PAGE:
KODI users are being warned that the Government is expected to launch a crackdown on illegal streaming and piracy and it could start as early as this summer.

Kodi users have been warned the Government is expected to clamp down on piracy this summer

Kodi users have been warned the Government is expected to clamp down on piracy this summer

The Kodi surge continues without any sign of stopping, as users continue to ditch paid TV for the online player.

Kodi software is not illegal, but developers can produce third-party add-ons that provide free access to pirated and illegal content.

The illegal add-ons are being targeted by ISP’s, Government agencies, broadcasters and rights holders.

And it’s now emerged that seven million people in the UK are streaming or downloading movies, TV shows or music illegally.

This is according to a study carried out by PRS for Music and the Intellectual Property Office (IPO).

Ros Lynch, Copyright and IP Enforcement Director at the Intellectual Property Office, said: “There has never been more choice or flexibility for consumers of TV and music, however illicit streaming devices and stream-ripping are threatening this progress.

“Content creators deserve to be paid for their work – it is not a grey area.

“This Government takes IP infringement extremely seriously and we are working with our industry partners and law enforcement to tackle this emerging threat.”

The research found that 15 per cent of UK internet users, approximately seven million people, had either streamed or downloaded material that infringed copyright.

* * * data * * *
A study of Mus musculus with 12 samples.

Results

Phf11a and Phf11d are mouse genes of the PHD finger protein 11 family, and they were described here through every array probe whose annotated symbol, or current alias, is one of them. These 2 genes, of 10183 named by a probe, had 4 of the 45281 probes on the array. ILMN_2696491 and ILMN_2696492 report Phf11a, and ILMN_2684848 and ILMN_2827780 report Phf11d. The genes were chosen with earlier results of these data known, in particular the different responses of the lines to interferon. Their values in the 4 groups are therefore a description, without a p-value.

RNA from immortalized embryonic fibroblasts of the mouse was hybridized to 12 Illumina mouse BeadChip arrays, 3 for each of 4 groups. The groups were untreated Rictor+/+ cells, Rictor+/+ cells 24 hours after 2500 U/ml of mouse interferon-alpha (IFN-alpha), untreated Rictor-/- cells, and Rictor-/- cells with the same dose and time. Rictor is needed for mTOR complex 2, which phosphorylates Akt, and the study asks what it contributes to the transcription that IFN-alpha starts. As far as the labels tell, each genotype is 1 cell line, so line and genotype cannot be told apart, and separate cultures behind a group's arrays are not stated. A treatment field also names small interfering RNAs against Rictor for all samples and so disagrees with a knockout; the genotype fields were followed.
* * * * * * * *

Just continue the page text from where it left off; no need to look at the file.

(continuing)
In response the IPO had published a “call for views”, asking people in the entertainment industry what should be done.

The Government response on how to deal with this widespread copyright infringement is due to be published later this summer.

The study found that legitimate streaming services, like Netflix and Spotify, have grown in popularity.

However, the research found set top boxes which allows users to illegally stream premium TV content is holding similar businesses back.

The IPO said stream-ripping – where users rule and store content from its original platform – is becoming a significant problem.

PRS for Music is a body which collects royalties on behalf of the music industry. Chief Executive Robert Ashcroft said: “We hope that this research will provide the basis for a renewed and re-focused commitment to tackling online copyright infringement.

“The long term health of the UK’s cultural and creative sectors is in everyone’s best interests, including those of the digital service providers, and a co-ordinated industry and government approach to tackling stream ripping is essential.”

Last week the head of the UK’s leading anti-piracy group warned that Kodi users will be targeted in a major new crackdown on illegal streaming.

Kieron Sharp, the chief executive of the Federation Against Copyright Theft (FACT), said those who use illegal Kodi add-ons “are committing criminal offences”.

Speaking to The Independent, he said: “What we’ve been looking at in conjunction with many of our clients and members are the different levels of crime being committed.

“There’s the manufacture and importation of devices, and then the distribution and selling of those. We’re also looking at the people who are providing the apps and add-ons, the developers.

“And then we’ll also be looking at, at some point, the end user. The reason for end users to come into this is that they are committing criminal offences.”